By Alexandra Kay – Article excerpt courtesy Alaska Business. To read the full article visit:
As Alaska Native regional, village, and urban corporations have grown and expanded since the early ‘70s, many have taken advantage of traditional knowledge of their lands to build a knowledge base that informs their endeavors across many industries. Particularly for construction projects, the ability of Alaska Native corporations to find local, quality workers and their long history with Alaska’s weather and terrain allows them to successfully complete projects that other companies may not know exactly how to begin.
Additionally, Alaska Native corporations can find efficiencies by leveraging their lands—through quarries or other natural resources—to help project owners get projects done on time and on budget.
A subsidiary of Ahtna Incorporated, Ahtna Environmental specializes in projects with complex logistics and site conditions. One such project was the Atka Health Clinic design and construction. Atka, a city on a small Aleutian Island of the same name, had a population of just 61 at the 2010 Census, and its residents needed a healthcare provider.
While the original design/build bid took place in September of 2019, the 4,500-square-foot design came in at double Atka’s available funding, so the city canceled the project. Determined to get Atka the clinic it needed, the design/build team of Ahtna Environmental, NorthForm Architecture, and PDC Engineers reached out to the city numerous times in order to come up with a plan that would fit its budget.
Working in good faith for more than a year, the design/build team was able to modify the project enough for it to come in within Atka’s $2.6 million baseline budget amount. The modification was a switch to a modular building rather than a stick-built structure, which reduces costs and better accommodates Alaska’s short construction season and the freight schedule in and out of the remote island.
Completed at the end of July, the project certainly took advantage of Ahtna Engineering’s expertise with complex logistics. Before construction began, the design/build team had to come up with a plan for placing the modular components of the building. While these would normally have been placed with a crane, doing this on Atka would have been prohibitively expensive because the crane that would only have been needed for two weeks would have sat on the island for eight to nine months due to shipping schedules.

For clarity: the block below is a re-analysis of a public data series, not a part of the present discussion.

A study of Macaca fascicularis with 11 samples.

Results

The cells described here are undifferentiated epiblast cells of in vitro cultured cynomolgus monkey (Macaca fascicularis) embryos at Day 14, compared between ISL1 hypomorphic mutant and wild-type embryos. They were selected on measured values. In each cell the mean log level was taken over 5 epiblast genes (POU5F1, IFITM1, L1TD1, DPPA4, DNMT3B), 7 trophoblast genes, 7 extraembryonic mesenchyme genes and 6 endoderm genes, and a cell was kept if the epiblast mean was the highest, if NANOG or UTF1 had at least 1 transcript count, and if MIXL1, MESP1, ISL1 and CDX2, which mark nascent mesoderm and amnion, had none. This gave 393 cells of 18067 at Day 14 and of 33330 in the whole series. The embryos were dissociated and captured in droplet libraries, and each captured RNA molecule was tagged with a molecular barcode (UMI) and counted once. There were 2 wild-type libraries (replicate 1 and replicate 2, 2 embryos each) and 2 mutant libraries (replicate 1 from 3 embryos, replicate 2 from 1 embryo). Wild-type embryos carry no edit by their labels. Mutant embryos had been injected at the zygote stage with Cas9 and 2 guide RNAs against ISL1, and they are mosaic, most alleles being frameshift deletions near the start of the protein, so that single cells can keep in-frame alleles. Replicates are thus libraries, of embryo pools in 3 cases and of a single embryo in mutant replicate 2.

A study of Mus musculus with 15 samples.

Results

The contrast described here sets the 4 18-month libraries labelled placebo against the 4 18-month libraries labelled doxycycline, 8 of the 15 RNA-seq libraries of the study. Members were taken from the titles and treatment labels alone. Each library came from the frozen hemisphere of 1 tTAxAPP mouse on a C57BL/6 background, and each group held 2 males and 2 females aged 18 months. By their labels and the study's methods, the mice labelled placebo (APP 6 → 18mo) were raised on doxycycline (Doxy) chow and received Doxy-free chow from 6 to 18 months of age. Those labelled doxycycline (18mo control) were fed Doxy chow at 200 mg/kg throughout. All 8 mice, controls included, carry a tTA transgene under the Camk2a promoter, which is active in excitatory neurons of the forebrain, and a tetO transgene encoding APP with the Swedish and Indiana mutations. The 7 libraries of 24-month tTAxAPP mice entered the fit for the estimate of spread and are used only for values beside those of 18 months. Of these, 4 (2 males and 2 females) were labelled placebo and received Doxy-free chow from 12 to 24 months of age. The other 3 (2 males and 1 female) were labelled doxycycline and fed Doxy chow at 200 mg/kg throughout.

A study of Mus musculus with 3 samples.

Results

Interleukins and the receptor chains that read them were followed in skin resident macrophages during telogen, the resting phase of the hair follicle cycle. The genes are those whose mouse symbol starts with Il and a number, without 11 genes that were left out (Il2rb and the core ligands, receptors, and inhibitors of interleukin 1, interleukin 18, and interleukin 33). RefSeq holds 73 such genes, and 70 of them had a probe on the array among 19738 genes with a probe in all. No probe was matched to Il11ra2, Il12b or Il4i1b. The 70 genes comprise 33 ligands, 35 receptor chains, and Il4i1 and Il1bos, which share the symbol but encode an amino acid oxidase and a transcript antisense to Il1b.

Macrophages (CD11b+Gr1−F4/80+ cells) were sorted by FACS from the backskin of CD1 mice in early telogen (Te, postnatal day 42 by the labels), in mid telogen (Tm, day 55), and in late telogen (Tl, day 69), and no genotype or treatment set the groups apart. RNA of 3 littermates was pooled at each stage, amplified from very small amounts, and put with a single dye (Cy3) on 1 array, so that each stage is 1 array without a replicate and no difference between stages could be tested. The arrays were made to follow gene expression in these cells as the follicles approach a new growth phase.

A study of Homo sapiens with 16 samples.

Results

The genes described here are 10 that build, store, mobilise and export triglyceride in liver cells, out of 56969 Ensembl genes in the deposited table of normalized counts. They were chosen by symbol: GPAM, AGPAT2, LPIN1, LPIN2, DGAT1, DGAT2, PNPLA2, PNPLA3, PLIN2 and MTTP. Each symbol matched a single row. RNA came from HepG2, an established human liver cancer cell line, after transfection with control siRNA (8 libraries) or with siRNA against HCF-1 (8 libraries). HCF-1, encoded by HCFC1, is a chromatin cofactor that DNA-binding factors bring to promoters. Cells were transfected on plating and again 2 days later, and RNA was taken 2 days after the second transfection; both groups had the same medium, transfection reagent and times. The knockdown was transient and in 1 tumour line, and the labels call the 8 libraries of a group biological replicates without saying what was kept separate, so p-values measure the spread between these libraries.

Knowing they needed to be innovative, the Ahtna Engineering design/build team camp up with a plan to use a 988 loader to set the modular buildings in place. “We then worked with Coastal Transportation out of Seattle, who agreed to build a special ramp for the project capable of loading and off-loading heavy equipment in remote Alaska locations as long as we used them for shipping all project supplies,” says Ahtna Environmental’s Senior Program Manager Michael Selhay. A win/win for both companies, it provided Ahtna Environmental with a way to make equipment do more work and opened a new market for Coastal Transportation.
Another challenge was remining 3,000 yards of classified fill for the building site. Ahtna was told the fill was mined and available but discovered it hadn’t been mined correctly for use, so the design/build team worked hand-in-hand with the city of Atka in order to remine the fill and minimize monetary damages to the city.
This year Ahtna Environmental also completed the replacement of a jet fuel pipeline at US Coast Guard Base Kodiak Site 3. A major shore installation of the Coast Guard, Base Kodiak sits on Kodiak Island about 250 miles southwest of Anchorage. In a 2018 project, Ahtna excavated and replaced the contaminated soil around a fuel pipeline that had been temporarily repaired more than a decade ago. Then in September 2020, the company was awarded the contract to replace the more than thirty-year-old fuel pipeline because of an EPA requirement.
Field work began on May 1, 2021 and required coordination between the EPA, the Alaska Department of Environmental Conservation, the Coast Guard, and Ahtna Environmental—as well as several subcontractors and consultants. “What could have been problematic with so many players actually went very smoothly,” says Ahtna Senior Project Manager Justin Dunn. “High traffic patterns on base were problematic, but Ahtna solved the issue by turning the replacement into a phased program in order to allow for traffic access.”
The project included the replacement of the fuel pipeline as well as paving and work in the fuel pump buildings on holding tanks and fuel pump systems. Ahtna Senior BD/Marketing Group Manager Lori Kropidlowski attributes the smoothness and success of the project to the great communication skills of all involved parties.